Gathering evidence on the impact of Kenya's record-breaking ivory burn on elephant conservation should be an urgent priority according to four University of Queensland scientists.
Dr Duan Biggs from the ARC Centre of Excellence for Environmental Decisions (CEED) said the ivory burns and stockpile destruction had increased by more than 600 per cent since 2011, with Kenya burning a record-breaking 105 tons of ivory on 30 April, valued at up to US$220 million on the black market.
"The historic Kenyan burn aims to send a powerful message against elephant poaching and the illegal ivory trade, yet there is no evidence, so far, that these actions help reduce poaching," Dr Biggs said.
"More disturbingly, we are unaware of any attempts to track and evaluate the impacts of these burns on the demand for and the price of illegal ivory."
He said that destroying ivory stockpiles could create a perverse outcome.
"As ivory becomes rarer, the price increases, leading to greater incentives for elephant poachers and illegal stockpilers of ivory," he said.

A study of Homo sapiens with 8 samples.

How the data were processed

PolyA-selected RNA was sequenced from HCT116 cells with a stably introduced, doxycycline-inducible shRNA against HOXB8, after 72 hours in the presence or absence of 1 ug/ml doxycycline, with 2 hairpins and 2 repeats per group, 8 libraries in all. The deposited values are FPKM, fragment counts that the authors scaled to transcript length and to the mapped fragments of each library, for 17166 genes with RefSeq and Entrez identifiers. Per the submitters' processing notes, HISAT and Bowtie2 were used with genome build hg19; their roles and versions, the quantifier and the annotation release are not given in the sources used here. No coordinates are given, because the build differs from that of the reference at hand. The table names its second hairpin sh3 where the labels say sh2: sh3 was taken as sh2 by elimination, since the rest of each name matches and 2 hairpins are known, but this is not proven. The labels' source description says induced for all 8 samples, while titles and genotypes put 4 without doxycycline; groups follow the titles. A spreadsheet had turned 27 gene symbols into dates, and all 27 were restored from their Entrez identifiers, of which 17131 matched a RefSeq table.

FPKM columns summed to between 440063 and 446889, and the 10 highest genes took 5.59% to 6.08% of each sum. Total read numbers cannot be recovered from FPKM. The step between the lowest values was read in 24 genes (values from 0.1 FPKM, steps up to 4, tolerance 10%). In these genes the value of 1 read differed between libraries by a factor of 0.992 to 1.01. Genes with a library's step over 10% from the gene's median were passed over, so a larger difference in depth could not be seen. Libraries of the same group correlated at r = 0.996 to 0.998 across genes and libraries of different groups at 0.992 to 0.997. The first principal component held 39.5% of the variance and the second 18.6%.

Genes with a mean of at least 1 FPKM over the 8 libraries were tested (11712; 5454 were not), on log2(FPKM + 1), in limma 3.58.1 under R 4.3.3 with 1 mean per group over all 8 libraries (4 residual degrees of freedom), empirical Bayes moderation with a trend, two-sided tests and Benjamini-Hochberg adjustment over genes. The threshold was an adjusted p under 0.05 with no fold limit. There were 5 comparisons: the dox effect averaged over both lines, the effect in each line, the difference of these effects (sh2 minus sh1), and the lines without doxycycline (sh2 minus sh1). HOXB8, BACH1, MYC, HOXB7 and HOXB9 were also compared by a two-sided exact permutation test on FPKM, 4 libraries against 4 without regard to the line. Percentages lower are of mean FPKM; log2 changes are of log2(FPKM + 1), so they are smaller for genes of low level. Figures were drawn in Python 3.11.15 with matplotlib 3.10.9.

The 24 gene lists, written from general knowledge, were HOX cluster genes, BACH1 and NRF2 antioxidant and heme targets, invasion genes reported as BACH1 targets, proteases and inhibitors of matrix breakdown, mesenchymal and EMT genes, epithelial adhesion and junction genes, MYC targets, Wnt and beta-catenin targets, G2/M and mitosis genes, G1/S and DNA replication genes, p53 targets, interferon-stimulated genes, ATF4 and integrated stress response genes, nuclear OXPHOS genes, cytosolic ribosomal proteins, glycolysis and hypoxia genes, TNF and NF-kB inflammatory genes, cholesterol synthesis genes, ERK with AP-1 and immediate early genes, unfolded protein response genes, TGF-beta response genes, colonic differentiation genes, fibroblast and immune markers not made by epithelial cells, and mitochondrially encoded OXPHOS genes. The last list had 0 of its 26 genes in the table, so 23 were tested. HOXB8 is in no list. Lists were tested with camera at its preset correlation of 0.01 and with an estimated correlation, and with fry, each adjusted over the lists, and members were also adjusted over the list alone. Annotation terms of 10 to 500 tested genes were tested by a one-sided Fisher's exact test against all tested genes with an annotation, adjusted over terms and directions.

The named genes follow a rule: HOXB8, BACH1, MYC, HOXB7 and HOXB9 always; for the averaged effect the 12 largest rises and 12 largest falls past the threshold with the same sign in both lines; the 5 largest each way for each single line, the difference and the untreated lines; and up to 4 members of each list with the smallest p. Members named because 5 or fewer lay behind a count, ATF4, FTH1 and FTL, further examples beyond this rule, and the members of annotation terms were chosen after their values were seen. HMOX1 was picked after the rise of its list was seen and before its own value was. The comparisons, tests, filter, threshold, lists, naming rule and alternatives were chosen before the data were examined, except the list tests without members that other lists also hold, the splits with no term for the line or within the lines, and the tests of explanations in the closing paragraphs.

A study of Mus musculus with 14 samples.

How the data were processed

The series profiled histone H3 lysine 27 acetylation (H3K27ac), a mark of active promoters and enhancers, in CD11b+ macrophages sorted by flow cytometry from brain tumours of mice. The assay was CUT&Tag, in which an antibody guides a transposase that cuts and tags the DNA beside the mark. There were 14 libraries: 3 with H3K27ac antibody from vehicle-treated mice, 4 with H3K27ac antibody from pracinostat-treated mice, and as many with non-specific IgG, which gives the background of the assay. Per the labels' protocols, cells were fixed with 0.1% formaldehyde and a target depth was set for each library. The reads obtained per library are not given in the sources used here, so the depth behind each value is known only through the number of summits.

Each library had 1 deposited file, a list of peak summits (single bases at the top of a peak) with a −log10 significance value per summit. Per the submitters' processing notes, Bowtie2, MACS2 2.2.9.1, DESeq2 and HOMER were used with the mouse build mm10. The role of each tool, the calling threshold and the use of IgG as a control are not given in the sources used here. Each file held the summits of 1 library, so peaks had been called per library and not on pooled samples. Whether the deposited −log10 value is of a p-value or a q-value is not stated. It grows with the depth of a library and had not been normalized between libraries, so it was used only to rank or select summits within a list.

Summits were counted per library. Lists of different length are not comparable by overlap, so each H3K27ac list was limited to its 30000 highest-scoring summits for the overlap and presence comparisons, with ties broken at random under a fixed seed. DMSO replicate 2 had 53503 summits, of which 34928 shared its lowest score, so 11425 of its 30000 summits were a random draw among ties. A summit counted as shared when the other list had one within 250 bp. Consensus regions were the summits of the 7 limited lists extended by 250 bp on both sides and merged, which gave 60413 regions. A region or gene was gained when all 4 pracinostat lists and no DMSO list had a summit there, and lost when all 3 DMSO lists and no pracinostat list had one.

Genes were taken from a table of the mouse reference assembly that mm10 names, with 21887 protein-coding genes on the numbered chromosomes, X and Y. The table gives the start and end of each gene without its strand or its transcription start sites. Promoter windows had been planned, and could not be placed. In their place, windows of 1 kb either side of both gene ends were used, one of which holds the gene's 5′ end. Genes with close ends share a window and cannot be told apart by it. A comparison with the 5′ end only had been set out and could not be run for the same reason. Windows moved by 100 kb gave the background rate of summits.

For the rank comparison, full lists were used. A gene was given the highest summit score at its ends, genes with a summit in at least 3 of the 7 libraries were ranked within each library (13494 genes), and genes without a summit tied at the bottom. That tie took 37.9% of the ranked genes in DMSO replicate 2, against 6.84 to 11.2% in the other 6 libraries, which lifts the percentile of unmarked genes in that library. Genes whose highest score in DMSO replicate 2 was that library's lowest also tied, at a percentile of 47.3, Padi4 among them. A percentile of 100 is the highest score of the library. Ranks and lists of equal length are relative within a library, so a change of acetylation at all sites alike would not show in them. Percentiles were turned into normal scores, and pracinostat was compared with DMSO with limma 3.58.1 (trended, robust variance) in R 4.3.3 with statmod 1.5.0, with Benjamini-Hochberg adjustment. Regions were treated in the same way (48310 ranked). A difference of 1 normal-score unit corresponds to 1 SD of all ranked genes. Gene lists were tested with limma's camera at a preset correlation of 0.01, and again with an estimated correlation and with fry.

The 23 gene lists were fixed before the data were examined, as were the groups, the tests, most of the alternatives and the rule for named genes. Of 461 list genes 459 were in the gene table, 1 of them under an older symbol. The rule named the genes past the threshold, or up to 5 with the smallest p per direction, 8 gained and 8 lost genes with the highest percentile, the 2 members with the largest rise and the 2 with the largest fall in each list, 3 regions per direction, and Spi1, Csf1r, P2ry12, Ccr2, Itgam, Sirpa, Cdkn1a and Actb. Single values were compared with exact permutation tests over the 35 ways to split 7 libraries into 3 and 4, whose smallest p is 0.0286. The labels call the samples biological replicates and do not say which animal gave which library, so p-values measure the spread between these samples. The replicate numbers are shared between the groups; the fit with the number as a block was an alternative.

Each year more than 30,000 elephants are killed for their ivory by poachers in Africa to satisfy demand in Asia where raw tusks sell for up to $2100 per kilogram. Africa is home to about 500,000 elephants.
Former Kenyan president Daniel Arap Moi began incinerating stockpiles of ivory in 1989 at the same time as the ban on the international trade in ivory came into effect.
CEED Director and co-author Professor Hugh Possingham said it was crucial to track the effects of Kenya's largest ever ivory burn with data on ivory price and demand.
"The way in which ivory burns affect the attitudes of potential buyers in the markets of East Asia should be assessed," Professor Possingham said.
"Time is short and the stakes are high."
Track the Impact of Kenya's Ivory Burn was published in Nature and was also authored by Dr Matthew Holden and Dr Alex Braczcowski.